Interesting question. A corporation exists to maximize shareholder value, which usually means corporations are driven by the profit motive. So a corporation personified would be someone that cares only about their financial gain, who freely exploits the labor of others for his or her economic interest.
That said, corporation are managed and run by human beings and sometimes make decisions that don't maximize profit but are necessary to preserve or advance the reputation of the corporation. For example, a large well known company might raise wages or improve the working environment of overseas workers if a public outcry began to develop over the working conditions of those employees.
Nonetheless, the impetus for such a move might be the fear of a public boycott or the changing of attitudes that would ultimately result in less consumers buying their product. So again, it could be argued that the only thing that matters is the profit of the corporation.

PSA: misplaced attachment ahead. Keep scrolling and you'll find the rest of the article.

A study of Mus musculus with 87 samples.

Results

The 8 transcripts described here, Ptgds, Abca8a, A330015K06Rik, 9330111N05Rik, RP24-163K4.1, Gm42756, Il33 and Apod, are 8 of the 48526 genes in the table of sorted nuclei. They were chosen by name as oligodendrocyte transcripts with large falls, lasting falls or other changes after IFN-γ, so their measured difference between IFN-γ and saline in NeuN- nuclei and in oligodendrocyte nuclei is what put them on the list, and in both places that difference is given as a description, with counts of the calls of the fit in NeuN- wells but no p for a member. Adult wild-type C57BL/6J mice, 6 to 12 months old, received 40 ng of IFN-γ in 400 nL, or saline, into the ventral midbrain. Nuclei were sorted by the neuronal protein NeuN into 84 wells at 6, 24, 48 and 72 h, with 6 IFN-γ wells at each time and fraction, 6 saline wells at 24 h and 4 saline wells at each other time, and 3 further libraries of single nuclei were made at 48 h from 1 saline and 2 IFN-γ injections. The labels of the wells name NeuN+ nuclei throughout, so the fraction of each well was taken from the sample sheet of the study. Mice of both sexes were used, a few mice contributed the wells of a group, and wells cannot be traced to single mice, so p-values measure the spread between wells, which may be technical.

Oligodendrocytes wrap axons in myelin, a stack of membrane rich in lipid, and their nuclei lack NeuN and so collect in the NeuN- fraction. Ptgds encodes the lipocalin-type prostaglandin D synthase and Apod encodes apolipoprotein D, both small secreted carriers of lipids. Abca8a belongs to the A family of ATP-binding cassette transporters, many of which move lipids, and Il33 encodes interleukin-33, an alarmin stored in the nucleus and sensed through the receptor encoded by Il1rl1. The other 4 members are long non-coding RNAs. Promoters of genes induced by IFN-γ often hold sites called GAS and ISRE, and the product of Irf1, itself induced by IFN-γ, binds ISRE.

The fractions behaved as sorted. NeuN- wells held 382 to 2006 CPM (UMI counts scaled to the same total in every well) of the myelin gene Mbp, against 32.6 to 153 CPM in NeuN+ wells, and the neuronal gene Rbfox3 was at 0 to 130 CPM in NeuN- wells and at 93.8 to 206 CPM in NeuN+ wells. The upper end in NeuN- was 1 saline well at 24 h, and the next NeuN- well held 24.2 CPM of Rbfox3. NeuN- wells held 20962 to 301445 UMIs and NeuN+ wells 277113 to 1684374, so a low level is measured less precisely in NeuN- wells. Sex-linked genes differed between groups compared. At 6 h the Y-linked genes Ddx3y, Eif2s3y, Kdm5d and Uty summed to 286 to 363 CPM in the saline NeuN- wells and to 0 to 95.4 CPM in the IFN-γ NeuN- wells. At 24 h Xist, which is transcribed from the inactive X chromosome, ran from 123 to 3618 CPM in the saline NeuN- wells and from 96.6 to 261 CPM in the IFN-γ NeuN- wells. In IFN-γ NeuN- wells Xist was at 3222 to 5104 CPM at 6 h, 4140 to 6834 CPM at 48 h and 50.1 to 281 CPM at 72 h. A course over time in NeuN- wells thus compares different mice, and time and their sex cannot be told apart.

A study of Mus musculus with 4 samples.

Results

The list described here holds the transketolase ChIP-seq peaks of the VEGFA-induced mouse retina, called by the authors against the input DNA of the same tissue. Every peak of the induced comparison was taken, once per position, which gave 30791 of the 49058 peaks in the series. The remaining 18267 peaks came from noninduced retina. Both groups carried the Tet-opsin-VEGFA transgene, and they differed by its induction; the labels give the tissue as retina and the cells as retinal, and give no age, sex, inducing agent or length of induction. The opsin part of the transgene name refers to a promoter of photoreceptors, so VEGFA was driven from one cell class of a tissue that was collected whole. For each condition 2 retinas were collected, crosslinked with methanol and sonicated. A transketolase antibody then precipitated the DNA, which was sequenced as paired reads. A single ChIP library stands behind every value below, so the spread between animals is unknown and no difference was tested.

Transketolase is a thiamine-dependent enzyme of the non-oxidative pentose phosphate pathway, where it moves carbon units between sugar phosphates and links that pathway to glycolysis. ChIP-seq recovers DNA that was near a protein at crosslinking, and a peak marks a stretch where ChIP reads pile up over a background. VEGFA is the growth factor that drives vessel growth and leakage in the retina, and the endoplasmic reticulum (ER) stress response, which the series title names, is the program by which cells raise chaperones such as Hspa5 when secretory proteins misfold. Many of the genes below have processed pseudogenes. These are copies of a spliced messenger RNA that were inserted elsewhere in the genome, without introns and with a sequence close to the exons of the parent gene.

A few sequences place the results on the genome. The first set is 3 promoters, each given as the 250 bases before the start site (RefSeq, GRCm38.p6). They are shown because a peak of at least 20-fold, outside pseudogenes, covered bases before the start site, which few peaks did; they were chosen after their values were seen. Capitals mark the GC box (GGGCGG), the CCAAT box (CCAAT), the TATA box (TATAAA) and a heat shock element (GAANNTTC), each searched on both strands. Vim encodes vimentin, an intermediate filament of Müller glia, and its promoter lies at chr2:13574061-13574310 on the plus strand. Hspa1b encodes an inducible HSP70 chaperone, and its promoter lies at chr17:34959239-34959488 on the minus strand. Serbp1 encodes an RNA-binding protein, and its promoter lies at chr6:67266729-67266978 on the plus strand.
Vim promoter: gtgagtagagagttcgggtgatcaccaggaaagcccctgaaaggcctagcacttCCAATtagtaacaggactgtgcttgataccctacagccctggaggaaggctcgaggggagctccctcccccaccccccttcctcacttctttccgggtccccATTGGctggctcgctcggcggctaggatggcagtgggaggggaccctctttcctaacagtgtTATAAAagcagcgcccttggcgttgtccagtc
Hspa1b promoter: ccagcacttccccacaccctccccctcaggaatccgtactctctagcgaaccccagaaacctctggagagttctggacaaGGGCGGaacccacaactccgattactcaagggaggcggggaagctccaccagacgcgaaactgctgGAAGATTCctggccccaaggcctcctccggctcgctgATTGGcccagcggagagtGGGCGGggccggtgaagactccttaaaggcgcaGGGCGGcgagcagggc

Corporation is a person created by law, this means that corporation can take certain legal action that are generally performed by individuals. These include like entering into legal contract, suing others, and being sued by others.
It is necessary to give such status of a legal person to corporations to permit them to carry out their commercial activities effectively, and to protect the interest of people and other corporations dealing with them.
One can understand this concept of legal person by comparing corporations with partnership, which is another form of business. A partnership is not a legal person. Therefore, the firm itself cannot enter into a partnership. The partners in the firm must enter into contracts in their individual capacities. If there is a breach of contract the partners are personally responsible for facing its consequences. In comparison when a corporation entersinto a contract, the shareholders of the corporation are not bound by the contract.